Mental Health Price Index 2022 finds depression is average and anxiety is lower in SA than in many parts of the world

24 March 2022 - 10:35
The new Mental Health Price Index 2022 released on Thursday has found that while South Africans are averagely depressed, the rest of the world is far more anxious. Stock photo.
The new Mental Health Price Index 2022 released on Thursday has found that while South Africans are averagely depressed, the rest of the world is far more anxious. Stock photo.
Image: 123RF/altanaka

A new global study looking at both the cost of mental healthcare and the quality of the services provided has found that SA rates close to average in terms of costs and ranks in the bottom third in terms of resources and the care on offer.

And while our people are averagely depressed on the global scale, we are a whole lot less anxious than the rest of the world,

This is according to the new Mental Health Price Index 2022 released on Thursday by kenkou, a Berlin-based health tech company that specialises in health monitoring.

This latest study was done in the context of mental health pressures from the pandemic and war in Ukraine, and offers a new price indexing comparing the cost and quality of mental health services around the world.

Out of the 50 countries examined in the study, SA ranked the 24th most expensive for mental healthcare.

The US ranked top with the most expensive mental healthcare, rating more than 2,800% above the average. Bangladesh has the cheapest mental healthcare, ranking 209% below the global median.

Switzerland charges the highest in the world for therapy, at an average of $206 (R3,049) an hour, followed by the UAE at $163 (R2,413) and Norway at $143 (R2,116).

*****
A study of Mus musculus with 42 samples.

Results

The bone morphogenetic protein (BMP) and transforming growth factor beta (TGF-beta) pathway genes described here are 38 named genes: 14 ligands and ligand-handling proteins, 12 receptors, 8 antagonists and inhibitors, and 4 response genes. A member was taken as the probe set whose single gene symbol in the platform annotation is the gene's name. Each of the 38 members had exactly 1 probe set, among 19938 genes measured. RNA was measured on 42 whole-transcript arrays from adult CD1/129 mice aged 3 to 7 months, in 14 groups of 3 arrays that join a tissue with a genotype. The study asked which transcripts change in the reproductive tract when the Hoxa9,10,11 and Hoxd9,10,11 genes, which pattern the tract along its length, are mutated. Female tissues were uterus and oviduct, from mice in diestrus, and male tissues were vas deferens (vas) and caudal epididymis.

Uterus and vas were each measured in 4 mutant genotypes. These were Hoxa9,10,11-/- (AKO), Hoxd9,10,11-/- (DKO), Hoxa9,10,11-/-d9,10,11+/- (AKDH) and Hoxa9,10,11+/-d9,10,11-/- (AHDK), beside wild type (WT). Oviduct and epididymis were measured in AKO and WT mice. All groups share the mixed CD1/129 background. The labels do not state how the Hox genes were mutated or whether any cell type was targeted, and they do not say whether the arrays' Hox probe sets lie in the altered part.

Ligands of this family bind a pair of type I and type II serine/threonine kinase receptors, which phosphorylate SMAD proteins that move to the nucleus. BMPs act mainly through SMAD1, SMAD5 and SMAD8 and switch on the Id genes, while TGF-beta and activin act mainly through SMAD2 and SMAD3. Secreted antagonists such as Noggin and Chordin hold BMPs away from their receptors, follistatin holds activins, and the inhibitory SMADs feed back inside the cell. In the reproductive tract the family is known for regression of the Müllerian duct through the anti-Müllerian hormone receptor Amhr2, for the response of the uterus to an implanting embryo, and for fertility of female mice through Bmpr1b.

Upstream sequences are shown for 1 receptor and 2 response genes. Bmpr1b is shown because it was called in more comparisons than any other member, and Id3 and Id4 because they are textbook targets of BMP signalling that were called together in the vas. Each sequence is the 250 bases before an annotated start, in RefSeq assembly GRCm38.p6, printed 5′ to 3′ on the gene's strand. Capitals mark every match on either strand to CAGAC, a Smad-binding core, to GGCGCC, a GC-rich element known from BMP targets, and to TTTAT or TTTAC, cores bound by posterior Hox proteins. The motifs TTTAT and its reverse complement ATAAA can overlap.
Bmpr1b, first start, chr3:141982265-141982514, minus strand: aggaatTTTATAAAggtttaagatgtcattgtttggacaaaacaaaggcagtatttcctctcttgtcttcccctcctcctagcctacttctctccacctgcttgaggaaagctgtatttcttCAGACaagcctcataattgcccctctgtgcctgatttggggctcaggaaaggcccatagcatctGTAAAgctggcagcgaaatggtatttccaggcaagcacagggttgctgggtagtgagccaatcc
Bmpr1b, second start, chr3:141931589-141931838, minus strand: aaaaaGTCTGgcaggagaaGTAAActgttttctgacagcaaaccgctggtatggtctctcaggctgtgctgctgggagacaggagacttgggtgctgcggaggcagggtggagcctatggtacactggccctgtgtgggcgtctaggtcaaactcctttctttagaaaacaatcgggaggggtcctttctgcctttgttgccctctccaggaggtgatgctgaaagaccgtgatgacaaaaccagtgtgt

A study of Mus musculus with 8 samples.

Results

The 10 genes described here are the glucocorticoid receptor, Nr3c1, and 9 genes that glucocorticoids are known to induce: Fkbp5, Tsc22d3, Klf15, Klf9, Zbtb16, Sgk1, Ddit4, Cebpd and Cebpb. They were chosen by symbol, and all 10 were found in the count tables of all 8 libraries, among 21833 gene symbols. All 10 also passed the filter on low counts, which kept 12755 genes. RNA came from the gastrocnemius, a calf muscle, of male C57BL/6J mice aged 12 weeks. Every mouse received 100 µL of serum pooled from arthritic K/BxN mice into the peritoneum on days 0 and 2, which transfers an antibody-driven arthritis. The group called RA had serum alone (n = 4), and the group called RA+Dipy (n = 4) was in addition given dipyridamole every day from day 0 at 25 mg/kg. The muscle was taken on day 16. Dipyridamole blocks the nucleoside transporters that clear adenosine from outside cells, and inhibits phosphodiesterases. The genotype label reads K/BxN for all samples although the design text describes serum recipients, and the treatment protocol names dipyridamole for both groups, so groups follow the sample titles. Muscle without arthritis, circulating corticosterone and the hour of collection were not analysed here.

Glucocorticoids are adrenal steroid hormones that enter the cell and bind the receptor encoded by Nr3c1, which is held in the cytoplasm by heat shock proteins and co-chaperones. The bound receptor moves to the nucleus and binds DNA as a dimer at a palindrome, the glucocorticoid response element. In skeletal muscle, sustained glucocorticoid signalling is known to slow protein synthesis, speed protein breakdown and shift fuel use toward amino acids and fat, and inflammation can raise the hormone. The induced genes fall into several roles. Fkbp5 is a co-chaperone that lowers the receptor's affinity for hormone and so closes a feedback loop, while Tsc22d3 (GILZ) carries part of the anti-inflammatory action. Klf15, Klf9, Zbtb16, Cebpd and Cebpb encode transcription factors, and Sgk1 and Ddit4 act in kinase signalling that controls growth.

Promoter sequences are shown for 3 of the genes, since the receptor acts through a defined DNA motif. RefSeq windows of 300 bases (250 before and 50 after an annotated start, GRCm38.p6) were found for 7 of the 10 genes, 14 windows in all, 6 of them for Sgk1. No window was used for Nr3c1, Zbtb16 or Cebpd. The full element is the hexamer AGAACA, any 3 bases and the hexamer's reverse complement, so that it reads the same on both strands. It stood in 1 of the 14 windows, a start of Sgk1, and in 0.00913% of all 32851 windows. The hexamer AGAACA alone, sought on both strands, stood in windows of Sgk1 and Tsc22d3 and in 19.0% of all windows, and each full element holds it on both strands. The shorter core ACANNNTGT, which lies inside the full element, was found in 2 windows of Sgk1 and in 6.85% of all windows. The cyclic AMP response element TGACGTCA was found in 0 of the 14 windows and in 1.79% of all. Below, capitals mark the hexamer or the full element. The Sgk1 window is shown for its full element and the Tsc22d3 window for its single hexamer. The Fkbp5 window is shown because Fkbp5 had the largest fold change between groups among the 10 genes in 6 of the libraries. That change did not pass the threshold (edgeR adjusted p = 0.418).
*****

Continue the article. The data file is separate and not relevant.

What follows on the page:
Kenkou took into account the impact of the pandemic and war in Ukraine on mental health services, and conducted the study using data to better understand the countries best equipped to deal with the mental healthcare crisis.

“At kenkou, we’ve witnessed the devastating effects of the pandemic on the global mental healthcare sector. Though we are looking to find innovative solutions to the current strain on healthcare services, it is important to draw attention to this vital sector and the necessity for affordable, good quality mental healthcare for everyone,” said Matthias Puls, CEO and MD of kenkou.

“Of course, it must be noted that direct comparison between different countries in the study is not always useful given the difference in purchasing power between the Global North and South, for instance. Nevertheless, we undertook this study to better understand the healthcare market and felt that, during this unprecedented period of disruption to mental healthcare, the findings would be of great value to all.”

The study analysed mental healthcare data from 120 countries around the world. The accuracy and reliability of data was closely examined and then 50 countries were shortlisted for the study. These countries were assessed based on the cost of care, cost of medicines and prevalence of mental health conditions, as well as access to and quality of care.

The costs of branded and generic medications were taken into account and costs were all converted and calculated in US dollars for comparison purposes. On top of this, data was taken from sources including the World Health Organisation, Eurostat, Organisation for Economic Co-operation and Development and the Institute for Health Metrics and Evaluation.

Countries were rated out of 100 on mental healthcare infrastructure, with their scores calculated using information on the number of psychologists and psychiatrists available to the population, quality of mental healthcare as well as the physical and digital support available to patients.

The study findings show that the US has the best mental healthcare on offer, followed by the UK, Finland, Czech Republic, Slovakia and Denmark. SA was ranked 32nd out of 50. According to the study, Chile has the highest number of psychologists, with 271.6 per 100,000, followed by Portugal and Argentina third.

Greece rated as the country with the highest number of people living with both depression and stress. In comparison, SA was spot-on averagely depressed and mildly anxious — at number 25 out of 50 in the rankings of the percentage of the population living with depression and even lower, at number 38, in terms of the number of people with anxiety.